I think it’s safe to say that when it comes to self-acceptance and loving ourselves most of us struggle. I feel like in the past several years there have been big movements in this direction.
It’s something my mother made efforts to work on and tried to instill in me. It’s something I worked on, and I made progress. For years I was satisfied with that progress, until I realized I wasn’t nearly as close to my goal of self-love as I had thought.
My self-image was never terribly low. It was what I considered “realistic.” I didn’t find myself unattractive but I accepted I wasn’t beautiful in any remarkable way. I looked quite pretty sometimes; I looked much worse other times. I never thought of myself as ugly, but beauty wasn’t something I identified with either.
When I decided it was time to shift my mindset and learn to love myself more I reached a point where I did feel that I was beautiful. I would look in a mirror and say “I don’t care what the rest of the world says—I’m beautiful!”
Then one day it hit me that there was still really awful subtext in what I was thinking about myself.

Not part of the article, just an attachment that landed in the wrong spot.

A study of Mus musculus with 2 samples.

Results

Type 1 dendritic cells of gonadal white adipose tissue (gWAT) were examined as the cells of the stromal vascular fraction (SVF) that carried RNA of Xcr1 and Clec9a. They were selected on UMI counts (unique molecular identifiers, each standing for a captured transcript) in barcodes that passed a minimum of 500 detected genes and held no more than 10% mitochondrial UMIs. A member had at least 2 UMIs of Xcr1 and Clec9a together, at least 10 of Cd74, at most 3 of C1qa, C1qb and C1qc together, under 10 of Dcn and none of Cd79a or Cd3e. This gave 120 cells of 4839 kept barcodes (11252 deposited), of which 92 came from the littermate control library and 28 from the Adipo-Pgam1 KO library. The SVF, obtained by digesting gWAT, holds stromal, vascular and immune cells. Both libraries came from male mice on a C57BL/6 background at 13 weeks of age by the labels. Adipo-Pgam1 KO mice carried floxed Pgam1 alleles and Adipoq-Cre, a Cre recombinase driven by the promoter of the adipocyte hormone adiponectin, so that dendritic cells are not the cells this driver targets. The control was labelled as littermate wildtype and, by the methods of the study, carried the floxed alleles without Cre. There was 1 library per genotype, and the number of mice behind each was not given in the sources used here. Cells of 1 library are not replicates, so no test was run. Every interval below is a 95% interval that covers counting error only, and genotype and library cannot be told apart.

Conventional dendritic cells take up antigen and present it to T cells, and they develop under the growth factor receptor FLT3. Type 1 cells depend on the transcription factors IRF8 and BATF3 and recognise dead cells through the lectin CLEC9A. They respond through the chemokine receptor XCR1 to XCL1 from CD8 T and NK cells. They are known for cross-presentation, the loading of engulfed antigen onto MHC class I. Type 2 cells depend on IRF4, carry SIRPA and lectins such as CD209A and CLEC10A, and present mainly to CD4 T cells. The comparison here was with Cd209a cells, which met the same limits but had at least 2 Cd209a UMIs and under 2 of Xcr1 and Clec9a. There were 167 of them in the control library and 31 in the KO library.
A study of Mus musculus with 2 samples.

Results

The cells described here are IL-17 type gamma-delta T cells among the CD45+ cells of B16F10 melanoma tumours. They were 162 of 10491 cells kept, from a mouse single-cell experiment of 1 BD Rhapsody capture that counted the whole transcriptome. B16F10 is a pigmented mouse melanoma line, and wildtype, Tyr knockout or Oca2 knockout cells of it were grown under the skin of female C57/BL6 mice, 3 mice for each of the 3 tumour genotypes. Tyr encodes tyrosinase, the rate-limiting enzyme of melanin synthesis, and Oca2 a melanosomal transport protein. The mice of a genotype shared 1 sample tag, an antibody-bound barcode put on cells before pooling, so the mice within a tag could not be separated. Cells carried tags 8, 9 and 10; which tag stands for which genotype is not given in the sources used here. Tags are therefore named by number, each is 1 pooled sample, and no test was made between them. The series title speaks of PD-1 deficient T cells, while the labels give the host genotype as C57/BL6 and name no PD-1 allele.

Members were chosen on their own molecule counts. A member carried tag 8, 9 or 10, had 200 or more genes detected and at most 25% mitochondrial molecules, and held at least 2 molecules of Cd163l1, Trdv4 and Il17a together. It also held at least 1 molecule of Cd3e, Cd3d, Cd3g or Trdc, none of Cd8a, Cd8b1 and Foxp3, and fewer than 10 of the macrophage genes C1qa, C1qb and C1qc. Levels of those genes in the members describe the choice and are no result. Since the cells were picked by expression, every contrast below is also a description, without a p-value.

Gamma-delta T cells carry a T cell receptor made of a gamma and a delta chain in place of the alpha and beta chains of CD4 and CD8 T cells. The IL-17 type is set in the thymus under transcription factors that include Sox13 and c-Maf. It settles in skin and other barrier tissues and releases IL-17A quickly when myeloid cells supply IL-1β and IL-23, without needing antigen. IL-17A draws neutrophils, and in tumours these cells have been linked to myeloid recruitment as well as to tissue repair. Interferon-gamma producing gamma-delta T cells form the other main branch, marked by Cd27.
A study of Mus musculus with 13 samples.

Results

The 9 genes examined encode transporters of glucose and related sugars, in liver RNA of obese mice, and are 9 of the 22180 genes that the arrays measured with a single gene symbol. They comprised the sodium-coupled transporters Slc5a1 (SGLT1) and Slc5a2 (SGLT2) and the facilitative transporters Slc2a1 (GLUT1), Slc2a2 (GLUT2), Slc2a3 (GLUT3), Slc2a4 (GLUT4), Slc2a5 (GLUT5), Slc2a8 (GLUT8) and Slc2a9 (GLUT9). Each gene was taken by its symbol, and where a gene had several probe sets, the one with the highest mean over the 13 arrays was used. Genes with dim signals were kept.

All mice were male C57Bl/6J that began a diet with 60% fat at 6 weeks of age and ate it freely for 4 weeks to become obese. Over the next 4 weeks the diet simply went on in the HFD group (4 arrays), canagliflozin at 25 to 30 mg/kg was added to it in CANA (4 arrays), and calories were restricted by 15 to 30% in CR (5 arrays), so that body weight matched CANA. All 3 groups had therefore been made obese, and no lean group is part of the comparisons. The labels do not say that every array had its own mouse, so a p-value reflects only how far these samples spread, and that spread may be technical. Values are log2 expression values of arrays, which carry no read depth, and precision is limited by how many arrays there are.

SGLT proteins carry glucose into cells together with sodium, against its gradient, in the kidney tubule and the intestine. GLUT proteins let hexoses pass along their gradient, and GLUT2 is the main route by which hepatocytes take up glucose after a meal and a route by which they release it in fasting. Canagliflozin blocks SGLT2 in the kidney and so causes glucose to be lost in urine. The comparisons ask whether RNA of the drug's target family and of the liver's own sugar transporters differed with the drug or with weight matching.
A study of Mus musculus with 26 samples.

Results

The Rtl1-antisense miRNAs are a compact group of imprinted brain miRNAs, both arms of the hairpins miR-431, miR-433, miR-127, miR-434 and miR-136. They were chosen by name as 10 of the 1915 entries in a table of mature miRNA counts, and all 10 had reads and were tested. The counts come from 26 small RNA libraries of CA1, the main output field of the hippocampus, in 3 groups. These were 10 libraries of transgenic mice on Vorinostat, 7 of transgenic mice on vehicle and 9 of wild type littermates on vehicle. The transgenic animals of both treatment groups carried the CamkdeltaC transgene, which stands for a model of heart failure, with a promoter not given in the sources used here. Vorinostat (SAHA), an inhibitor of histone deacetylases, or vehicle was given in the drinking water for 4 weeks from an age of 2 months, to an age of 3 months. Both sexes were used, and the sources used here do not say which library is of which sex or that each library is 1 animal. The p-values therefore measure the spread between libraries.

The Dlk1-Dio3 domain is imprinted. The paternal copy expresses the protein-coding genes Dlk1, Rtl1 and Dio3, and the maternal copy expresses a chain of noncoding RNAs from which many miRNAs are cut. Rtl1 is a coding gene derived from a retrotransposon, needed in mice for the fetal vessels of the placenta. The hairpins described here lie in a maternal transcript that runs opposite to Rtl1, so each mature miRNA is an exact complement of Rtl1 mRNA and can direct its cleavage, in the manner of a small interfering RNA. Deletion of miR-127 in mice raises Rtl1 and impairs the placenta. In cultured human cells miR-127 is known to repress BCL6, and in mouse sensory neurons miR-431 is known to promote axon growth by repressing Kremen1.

I was so proud of myself at the time! I was looking at my own image and truly seeing beauty. I wasn’t letting myself care about what other people said or thought about me.
Except, no one ever told me I wasn’t beautiful. It was something I assumed people might think about me, but there weren’t specific people I was defying by telling myself I was beautiful. But saying that I didn’t care what others thought implied that others thought differently.
What I was actually doing was telling myself I wasn’t beautiful to the rest of the world. And the more I repeated this message that I thought was self-loving, the deeper I reinforced that idea.
Now, I do still believe this was progress for me at that time. I think getting to a point where you can appreciate your own beauty is an amazing first step, and I hope that every single person in this world can reach that point. But it’s only the first step.
Every time I thought, “I’m beautiful” it was like it was followed by a little asterisk, leading to an unspoken footnote that said “just not by society’s standards.”
I didn’t realize how unwilling I was to let go of the rigid standards for physical beauty we have in our society. I couldn’t bring myself to say it without those strings attached. And that meant that a part of me was making progress, but another part would not let go of the idea that beauty is what the media depicts—the part of me that still didn’t believe I was beautiful.
It isn’t easy to let go of what we’ve been taught to believe our whole life. Identifying how we think about ourselves doesn’t mean we can change how we think right away. But we can be more aware of what we’re really saying to ourselves. We can start to catch the toxic thoughts masquerading as self-love.
And one day, we will tell ourselves we’re beautiful, no asterisk, and it will feel better than it ever has before.